In another example of just how carefully the U.S. government is examining the process employers in America use when checking the work authorization status of newly hired employees, the Department of Justice (DOJ) has filed a lawsuit alleging discrimination by the University of California, San Diego (UCSD) Medical Center during the employment eligibility verification (Form I-9) process against non-U.S. citizens authorized to work in the United States, according to a press release from the DOJ. (Update: Justice Department Settles with University of California San Diego Medical Center).

The press release indicates that the DOJ’s independent investigation alleges that the UCSD medical center “engaged in a pattern or practice of subjecting newly hired non-U.S. citizens to excessive demands for documents issued by the Department of Homeland Security in order to verify and re-verify their employment eligibility, but did not require U.S. citizens to show any specific documentation.”  The anti-discrimination provision in the Immigration and Nationality Act (INA) “prohibits employers from placing additional documentary burdens on work-authorized employees during the hiring and employment eligibility verification process based on their citizenship status or national origin.”

The Assistant Attorney General for the DOJ’s Civil Rights Division’s Office of Special Counsel for Immigration-Related Unfair Employment Practices (OSC) – which is responsible for enforcing the anti-discrimination provision of the INA – stated in the press release that all people authorized to work in the U.S. “have the right to work without encountering discrimination because of their immigration status or national origin” and that the DOJ is “committed to vigorously protecting authorized workers from discrimination in the hiring process and ensuring that employers uphold their obligations under the law.”

The DOJ lawsuit seeks a court order prohibiting future discrimination by the UCSD medical center, monetary damages for individuals harmed, and civil penalties. In an article on the website about the lawsuit, UCSD officials said they had worked with federal officials to understand and comply with the law since being notified that their procedures were improper, and a UCSD spokeswoman stated that the medical center is “now in full compliance with the federal regulations” and is “actively working with the Department of Justice” to resolve the matter.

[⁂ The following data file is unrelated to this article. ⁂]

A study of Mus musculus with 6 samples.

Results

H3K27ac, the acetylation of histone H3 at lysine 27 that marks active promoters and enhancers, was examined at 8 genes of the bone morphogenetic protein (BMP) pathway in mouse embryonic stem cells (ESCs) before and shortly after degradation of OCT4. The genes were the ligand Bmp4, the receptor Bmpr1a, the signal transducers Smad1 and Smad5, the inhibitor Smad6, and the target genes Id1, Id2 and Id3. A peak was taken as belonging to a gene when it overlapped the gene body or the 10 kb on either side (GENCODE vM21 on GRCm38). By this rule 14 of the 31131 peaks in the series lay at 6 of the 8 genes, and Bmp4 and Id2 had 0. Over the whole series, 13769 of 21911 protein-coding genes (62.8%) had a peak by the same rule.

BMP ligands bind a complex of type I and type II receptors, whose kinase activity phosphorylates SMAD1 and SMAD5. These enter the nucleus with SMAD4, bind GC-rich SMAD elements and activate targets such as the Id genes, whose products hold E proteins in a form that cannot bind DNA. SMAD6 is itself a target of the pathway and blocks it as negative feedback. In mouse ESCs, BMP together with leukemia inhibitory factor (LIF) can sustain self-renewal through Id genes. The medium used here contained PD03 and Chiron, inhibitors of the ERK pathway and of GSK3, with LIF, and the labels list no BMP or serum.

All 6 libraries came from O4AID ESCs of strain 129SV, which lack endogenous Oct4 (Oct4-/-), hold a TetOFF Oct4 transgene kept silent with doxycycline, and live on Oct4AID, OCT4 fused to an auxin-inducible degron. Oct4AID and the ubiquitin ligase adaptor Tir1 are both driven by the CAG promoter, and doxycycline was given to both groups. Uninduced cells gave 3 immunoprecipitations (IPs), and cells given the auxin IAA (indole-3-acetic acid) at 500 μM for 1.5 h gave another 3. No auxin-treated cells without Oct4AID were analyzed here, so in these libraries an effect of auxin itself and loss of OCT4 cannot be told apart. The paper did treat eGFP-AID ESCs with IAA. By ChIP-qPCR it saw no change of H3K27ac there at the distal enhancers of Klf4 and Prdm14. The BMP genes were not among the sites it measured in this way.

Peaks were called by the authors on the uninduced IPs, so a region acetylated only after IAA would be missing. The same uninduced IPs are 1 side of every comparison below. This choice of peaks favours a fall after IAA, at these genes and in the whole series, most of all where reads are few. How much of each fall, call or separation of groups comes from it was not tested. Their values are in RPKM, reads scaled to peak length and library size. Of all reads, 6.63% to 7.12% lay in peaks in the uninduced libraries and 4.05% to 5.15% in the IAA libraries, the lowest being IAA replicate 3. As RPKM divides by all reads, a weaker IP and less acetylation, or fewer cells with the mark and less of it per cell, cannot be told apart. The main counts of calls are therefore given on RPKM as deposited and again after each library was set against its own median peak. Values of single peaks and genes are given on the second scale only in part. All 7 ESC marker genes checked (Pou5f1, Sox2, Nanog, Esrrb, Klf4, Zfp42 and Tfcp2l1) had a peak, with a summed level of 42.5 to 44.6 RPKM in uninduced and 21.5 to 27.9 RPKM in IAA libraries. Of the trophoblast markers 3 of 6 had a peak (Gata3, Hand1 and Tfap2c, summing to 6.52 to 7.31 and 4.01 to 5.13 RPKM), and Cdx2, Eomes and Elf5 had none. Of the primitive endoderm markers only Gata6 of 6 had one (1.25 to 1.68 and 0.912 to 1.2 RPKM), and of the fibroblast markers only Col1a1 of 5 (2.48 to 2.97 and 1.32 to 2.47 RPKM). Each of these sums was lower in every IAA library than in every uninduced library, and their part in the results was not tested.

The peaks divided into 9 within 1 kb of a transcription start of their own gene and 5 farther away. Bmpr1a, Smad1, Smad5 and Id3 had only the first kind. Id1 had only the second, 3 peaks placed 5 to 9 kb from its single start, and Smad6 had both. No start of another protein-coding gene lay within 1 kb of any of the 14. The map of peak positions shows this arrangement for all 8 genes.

This is not the first such investigation by the DOJ regarding the Employment Eligibility Verification (Form I-9) process all employers must use to check the legal work status of newly hired employees. As reported in the ESR News blog ‘Department of Justice Reaches Settlement with Company over Allegations of Employment Discrimination during Form I-9 Process,’ the DOJ reached a settlement of $50,760 with a Louisiana company in July of 2011 to resolve allegations that the company “engaged in a pattern or practice of discrimination against non-citizens in the hiring and employment eligibility verification process.”

The DOJ lawsuit is an example why U.S. employers need to understand and adhere to Employment Eligibility Verification (Form I-9) documentation rules and best practices. When completing a Form I-9 – the form all newly hired employees are required to fill out to establish their legal right to work in the U.S. under the Immigration Reform and Control Act (IRCA) of 1986  – the rules state employers “are not permitted to request more or different documents than are required or to refuse to honor documents tendered that reasonably appear to be genuine and to relate to the individual presenting the document.” The U.S. Citizenship and Immigration Services (USCIS) has published the ‘M-274: Handbook for Employers, Instructions for Completing Form I-9 (Employment Eligibility Verification Form)’ which is available at

Employment Screening Resources (ESR) – a background check firm accredited by The National Association of Professional Background Screeners (NAPBS®) – is also a Designated E-Verify Employer Agent that helps employers comply with Form I-9 and E-Verify electronic employment eligibility verification requirements. To learn more about ESR’s 1-9 Form and E-Verify services, visit For more information about background checks, visit ESR at or call toll free 888.999.4474.


About Employment Screening Resources (ESR):
Founded in 1997 in the San Francisco, CA area,
Employment Screening Resources (ESR) literally wrote the book on background screening with “The Safe Hiring Manual” by ESR Founder and CEO Lester Rosen. ESR streamlines the screening process and reduces administrative overhead though its proprietary technology solutions.  ESR is accredited by The National Association of Professional Background Screeners (NAPBS®), a distinction held by less than two percent of all screening firms. This important recognition was achieved by successfully passing a third party audit demonstrating compliance with the NAPBS Background Screening Agency Accreditation Program. By choosing an accredited screening firm like ESR, employers know they have selected an agency that meets the highest industry standards. For more information about ESR, visit or call toll free 888.999.4474. 

About ESR News:
The Employment Screening Resources (ESR) News blog –
ESR News – provides employment screening information for employers, recruiters, and jobseekers on a variety of topics including credit reports, criminal records, data privacy, discrimination, E-Verify, jobs reports, legal updates, negligent hiring, workplace violence, and use of search engines and social network sites for background checks. For more information about ESR News or to send comments or questions, please email ESR News Editor Thomas Ahearn at [email protected].